Life Lessons from Mr. Rogers

Jake Thompson
Dec 2, 2019 · 4 min read

“Calling him a ‘saint’ puts an unrealistic expectation that we can’t take the same actions he does. And we can.”

It’s hard to not have watched Mr. Rogers television show as a child, read anything about the man, or even see Tom Hanks portrayal and thought that Fred Rogers was anything BUT a saint.

His mild-mannered nature. His relentless love for others. And his attention — how he could make you feel as though you were the only child in the world he was looking through the TV to talk directly to. Those are the traits of someone with what feels like far greater love and patience than a normal man.

But that was just Fred.

Despite how it looks, A Beautiful Day in the Neighborhood isn’t actually about Fred Rogers. Instead, it’s about a journalist named Lloyd who’s assigned to interview Rogers for Esquire magazine.

It’s an insightful look into the dynamics of anger, forgiveness, and personal growth. I couldn’t help but feel inspired by these lessons:


Fred Rogers is a rare individual who lives life in a constant state of gratitude. He’s grateful for each moment of the day, each interaction, and each experience because, as he states in the movie, “each experience and person has contributed to making me the person I am today.”

Gratitude is the practice of being thankful for what you have, even while pursuing more of what you want. It’s even been proven that gratitude will actually rewire your brain — and can completely change your perspective. Mr. Rogers admits to having faced adversities in life, yet it’s his constant state of gratitude that allows him to stay present in each interaction and happy with life.


“I believe in you.” There’s power in inspiring courage in someone else by sharing that you see something in them that they may not even see themselves. Rogers repeatedly speaks life into journalist Lloyd Vogel throughout the movie. Despite Vogel’s constant personal turmoil, Rogers provides a steady source of encouragement and love.

It’s easy to underestimate how much power our words have on another person. We literally hold the ability to build up a person’s courage and spirit — or tear it down. Fred Rogers knew the importance of the words he expressed to others — and how those words could ultimately change someone’s life.

Leaders need to be intentional with their words. Each conversation is an opportunity to speak life into your team and clients — use that power wisely.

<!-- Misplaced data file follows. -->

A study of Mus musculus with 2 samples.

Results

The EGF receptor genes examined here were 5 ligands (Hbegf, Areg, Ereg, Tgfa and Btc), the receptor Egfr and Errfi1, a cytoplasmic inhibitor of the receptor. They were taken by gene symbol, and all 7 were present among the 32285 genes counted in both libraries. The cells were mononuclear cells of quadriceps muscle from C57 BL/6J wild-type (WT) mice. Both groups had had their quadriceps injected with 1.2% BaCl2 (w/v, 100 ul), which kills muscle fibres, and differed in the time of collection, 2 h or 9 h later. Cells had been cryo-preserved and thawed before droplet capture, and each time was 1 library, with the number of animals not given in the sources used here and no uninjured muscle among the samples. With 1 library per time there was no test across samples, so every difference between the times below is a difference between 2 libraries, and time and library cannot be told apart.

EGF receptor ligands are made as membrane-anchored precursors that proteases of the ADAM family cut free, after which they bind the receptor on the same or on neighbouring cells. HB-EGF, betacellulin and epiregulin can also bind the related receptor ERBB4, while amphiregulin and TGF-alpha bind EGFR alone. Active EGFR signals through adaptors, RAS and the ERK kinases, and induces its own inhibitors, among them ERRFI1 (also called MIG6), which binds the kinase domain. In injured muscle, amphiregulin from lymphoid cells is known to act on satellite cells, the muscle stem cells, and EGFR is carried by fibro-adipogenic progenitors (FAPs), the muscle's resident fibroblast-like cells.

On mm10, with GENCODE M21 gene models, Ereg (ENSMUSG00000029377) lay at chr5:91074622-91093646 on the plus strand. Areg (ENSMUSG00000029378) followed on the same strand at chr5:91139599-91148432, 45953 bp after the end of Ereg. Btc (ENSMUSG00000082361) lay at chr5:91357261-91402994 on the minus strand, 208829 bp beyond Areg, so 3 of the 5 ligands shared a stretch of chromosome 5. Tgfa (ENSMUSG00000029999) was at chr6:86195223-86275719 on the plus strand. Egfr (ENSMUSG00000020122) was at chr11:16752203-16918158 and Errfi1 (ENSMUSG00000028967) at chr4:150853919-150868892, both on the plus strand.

This lesson hits home in the worst of ways. Back in 2011, I came down with a severe case of the shingles. My doctor, upon realizing what I was suffering from, asked what was going on in my personal life.

“Well, I just started a company, broke up with my girlfriend of a year, dealing with my parents’ divorce, and having to look for a new place to live after best friend was preparing to move out (after getting engaged.”

There was no need for a follow-up question. She immediately recommended I learn to not keep all of my emotions and stress bottled up and instead, learn to express my emotions and preferably, talk to a professional about this.

Keeping our stress, pain, and anger bottled up inside is (very) unhealthy. Our body will literally breakdown if we try to hold too much. The film’s main character has carried a heavy burden throughout his life, and as you can tell, that burden has bled into his interactions with strangers, friends, coworkers, and even his wife.

We may believe that as leaders we need to keep our emotions inside, never expressing what we truly feel or talking to someone — but in most cases, that approach ends up hurting us more than helping. The constant suppression of feelings can only go on for so long before those feelings bubble up and spill out, causing more trouble than tension release.


I remember growing up and believing that revenge was always best. If someone had wronged me, I wanted to gain power in order to get “back at them” from a better position of strength. It wasn’t until later in life that I realized forgiveness — truly letting go of that anger — was the best decision.

“Resentment is like drinking poison and then hoping it will kill your enemies.”

Nelson Mandela

It’s easy to carry anger and hate toward someone who has wronged us. In reality, it does little (to nothing) toward that individual — but it eats away at our own heart. The more courageous decision is to let go of that anger and forgive the individual for whatever wrongs were made.

Leadership requires one’s ability to forgive and move onward from past bad situations. Investing your time, energy, and focus into carrying anger & resentment only weighs a leader down from being able to most effectively move forward.

A Beautiful Day in the Neighborhood isn’t a biographical film on the life of Fred Rogers, but a powerful look inside the burden of carrying anger, finding forgiveness, and investing in your personal growth to not only better yourself — but those closest to you.

I help organizations cultivating a WINNING mindset to compete every day and win. If this sounds like a focus that your team members and company needs, I would love to discuss my workshops and keynote options to determine the best fit for your organization. Click here to start the conversation.

Jake Thompson

Written by

Chief Encouragement Officer for @CompeteEveryDay | Keynote Speaker | I teach people how to #Compete so they can win their work, workouts, & life.